Southeast Asia's politics: The next generation


30 May 2008 10:04

This year may see the end of UMNO rule in Malaysia if Anwar Ibrahim can attract the required number of turncoats in the fraying Barisan Nasional to gain power, as he is hinting he can.  UMNO and its increasingly weakened coalition partners have ruled Malaysia for more than 50 years, but if Anwar Ibrahim is successful, UMNO may find it difficult to find a younger charismatic leader to help turn the party around and make it attractive again to both rural and urban Malays – the majority of Malaysia. The evergreen Tengku Razaleigh, who even pre-dates Mahathir, is offering himself as a septuagenarian replacement for Prime Minister Abdullah Badawi. Anwar failed in his 1996 bid to bring generational change to Malaysian politics within UMNO. He may now bring it by shunting UMNO aside.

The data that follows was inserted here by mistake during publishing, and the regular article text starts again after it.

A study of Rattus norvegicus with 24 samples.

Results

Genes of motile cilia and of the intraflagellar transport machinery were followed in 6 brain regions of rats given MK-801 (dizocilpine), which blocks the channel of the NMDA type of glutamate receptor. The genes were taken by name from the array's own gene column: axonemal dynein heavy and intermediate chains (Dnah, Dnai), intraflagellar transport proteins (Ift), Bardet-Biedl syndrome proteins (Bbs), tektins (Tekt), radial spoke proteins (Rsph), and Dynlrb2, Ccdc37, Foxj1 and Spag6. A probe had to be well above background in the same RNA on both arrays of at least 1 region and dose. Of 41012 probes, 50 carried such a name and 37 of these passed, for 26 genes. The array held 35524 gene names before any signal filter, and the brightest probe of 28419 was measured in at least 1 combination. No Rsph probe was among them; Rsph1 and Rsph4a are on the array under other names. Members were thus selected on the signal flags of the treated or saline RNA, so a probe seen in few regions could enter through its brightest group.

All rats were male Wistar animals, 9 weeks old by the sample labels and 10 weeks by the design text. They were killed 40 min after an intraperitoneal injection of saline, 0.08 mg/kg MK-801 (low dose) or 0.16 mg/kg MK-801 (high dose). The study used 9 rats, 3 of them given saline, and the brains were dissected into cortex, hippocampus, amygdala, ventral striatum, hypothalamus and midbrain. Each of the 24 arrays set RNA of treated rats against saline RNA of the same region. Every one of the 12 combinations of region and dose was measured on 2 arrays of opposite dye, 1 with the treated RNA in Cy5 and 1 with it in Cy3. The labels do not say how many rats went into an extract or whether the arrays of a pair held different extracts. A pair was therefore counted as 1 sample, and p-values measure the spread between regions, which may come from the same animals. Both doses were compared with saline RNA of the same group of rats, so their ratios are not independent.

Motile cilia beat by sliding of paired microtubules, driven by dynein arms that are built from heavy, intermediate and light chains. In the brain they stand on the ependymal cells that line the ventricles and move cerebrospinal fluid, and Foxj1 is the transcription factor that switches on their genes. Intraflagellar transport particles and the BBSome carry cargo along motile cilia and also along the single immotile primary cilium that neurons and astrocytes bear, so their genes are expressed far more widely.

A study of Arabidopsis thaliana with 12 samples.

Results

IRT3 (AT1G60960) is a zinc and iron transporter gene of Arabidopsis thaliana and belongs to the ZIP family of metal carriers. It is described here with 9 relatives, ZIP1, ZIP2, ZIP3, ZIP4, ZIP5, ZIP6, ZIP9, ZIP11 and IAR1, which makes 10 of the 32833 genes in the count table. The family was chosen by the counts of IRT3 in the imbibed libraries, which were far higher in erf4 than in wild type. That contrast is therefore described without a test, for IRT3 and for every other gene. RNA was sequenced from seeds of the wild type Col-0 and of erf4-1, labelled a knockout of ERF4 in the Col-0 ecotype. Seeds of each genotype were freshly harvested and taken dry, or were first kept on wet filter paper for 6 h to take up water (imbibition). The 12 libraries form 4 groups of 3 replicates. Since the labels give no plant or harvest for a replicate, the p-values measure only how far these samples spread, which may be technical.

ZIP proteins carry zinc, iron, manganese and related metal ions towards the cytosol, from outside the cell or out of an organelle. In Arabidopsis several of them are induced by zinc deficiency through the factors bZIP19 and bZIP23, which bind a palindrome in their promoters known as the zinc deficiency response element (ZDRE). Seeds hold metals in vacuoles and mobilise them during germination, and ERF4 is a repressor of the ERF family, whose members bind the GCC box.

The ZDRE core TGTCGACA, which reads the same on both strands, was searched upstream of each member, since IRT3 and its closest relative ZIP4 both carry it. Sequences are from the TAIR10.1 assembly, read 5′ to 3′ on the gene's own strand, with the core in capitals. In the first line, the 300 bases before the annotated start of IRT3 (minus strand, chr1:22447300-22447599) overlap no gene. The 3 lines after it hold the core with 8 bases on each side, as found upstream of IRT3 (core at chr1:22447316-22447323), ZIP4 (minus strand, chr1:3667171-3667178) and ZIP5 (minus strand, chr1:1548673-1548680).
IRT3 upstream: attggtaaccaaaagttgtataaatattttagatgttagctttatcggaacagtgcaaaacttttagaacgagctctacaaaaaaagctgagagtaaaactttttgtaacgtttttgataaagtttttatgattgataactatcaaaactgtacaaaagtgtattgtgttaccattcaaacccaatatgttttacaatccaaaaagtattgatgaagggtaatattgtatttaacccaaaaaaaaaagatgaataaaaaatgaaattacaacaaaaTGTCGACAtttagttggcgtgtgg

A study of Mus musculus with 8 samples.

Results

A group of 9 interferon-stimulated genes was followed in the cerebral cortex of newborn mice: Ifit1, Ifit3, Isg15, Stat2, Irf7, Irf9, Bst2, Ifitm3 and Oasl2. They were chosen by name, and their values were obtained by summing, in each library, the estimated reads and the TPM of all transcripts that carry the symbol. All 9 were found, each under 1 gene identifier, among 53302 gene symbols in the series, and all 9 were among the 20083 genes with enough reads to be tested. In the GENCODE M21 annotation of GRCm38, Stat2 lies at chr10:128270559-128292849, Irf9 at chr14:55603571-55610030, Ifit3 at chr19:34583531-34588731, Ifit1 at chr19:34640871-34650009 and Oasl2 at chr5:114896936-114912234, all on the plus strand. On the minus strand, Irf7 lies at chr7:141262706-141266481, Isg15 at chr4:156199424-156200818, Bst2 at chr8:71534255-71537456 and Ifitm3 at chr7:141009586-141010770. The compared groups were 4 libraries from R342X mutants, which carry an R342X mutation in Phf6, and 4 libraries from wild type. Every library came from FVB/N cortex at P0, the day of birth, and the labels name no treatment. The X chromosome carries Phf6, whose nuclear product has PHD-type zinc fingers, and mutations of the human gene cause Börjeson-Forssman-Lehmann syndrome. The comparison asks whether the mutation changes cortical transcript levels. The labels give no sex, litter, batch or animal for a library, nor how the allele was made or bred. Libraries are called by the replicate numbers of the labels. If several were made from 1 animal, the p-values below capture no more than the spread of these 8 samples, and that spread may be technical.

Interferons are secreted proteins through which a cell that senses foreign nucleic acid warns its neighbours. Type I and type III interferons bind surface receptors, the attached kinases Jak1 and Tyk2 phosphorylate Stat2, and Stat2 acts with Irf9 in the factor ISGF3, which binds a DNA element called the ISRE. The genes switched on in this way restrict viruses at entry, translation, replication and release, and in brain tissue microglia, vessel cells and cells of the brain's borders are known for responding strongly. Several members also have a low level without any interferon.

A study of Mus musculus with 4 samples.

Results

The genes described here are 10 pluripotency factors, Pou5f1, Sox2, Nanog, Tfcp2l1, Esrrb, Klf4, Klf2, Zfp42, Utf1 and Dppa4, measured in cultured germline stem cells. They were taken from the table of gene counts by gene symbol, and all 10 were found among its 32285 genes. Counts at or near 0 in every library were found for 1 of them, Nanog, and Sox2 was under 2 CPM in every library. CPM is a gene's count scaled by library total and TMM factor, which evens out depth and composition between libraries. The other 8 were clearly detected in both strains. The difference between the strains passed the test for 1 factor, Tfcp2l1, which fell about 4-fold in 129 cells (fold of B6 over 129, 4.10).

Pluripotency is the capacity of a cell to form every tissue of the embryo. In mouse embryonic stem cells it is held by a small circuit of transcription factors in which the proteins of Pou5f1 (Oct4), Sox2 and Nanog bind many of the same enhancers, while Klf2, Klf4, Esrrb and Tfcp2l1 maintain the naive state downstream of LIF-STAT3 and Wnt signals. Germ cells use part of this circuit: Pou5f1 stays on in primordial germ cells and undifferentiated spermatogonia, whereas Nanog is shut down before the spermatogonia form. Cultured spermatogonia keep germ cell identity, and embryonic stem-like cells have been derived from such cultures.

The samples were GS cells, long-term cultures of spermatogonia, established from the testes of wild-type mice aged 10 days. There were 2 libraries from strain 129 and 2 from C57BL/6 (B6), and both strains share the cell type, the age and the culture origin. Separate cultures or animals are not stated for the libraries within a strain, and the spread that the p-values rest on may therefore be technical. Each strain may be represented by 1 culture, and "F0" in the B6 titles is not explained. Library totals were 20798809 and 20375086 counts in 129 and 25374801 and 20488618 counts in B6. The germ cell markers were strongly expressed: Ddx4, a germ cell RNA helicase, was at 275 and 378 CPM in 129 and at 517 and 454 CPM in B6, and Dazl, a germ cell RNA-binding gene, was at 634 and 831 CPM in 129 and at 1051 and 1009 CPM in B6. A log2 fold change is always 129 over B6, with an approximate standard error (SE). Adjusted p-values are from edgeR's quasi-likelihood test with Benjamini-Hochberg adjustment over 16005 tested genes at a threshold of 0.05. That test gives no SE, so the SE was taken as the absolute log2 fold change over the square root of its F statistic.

While the fall of Soeharto a decade ago certainly changed Indonesia to the good, it did not represent a real generational change in politics, as the leading political figures of the reformasi movement and of the major parties in the newly democratic elections – Gus Dur, Amien Rais, Megawati, Hamzah Haz, Akbar Tandjung, General Wiranto and even President Yudhoyono himself — all rose to senior positions during the long Soeharto years. The 2009 elections in Indonesia look like they will feature a very similar cast of graying characters. Wiranto is planning to run again, as is Megawati and Gus Dur and President Yudhoyono. Yet, in 2014, it is likely that none of the leading political figures will be the same and a whole new generation of leaders may come to the front, and through new avenues as well.

Australia has just witnessed generational change in our own political elite brought about through a change of government. Such a change is in the air in Malaysia after a much longer term of incumbency and is on the horizon for Indonesia. I wonder what a future post-Lee Singapore will look like?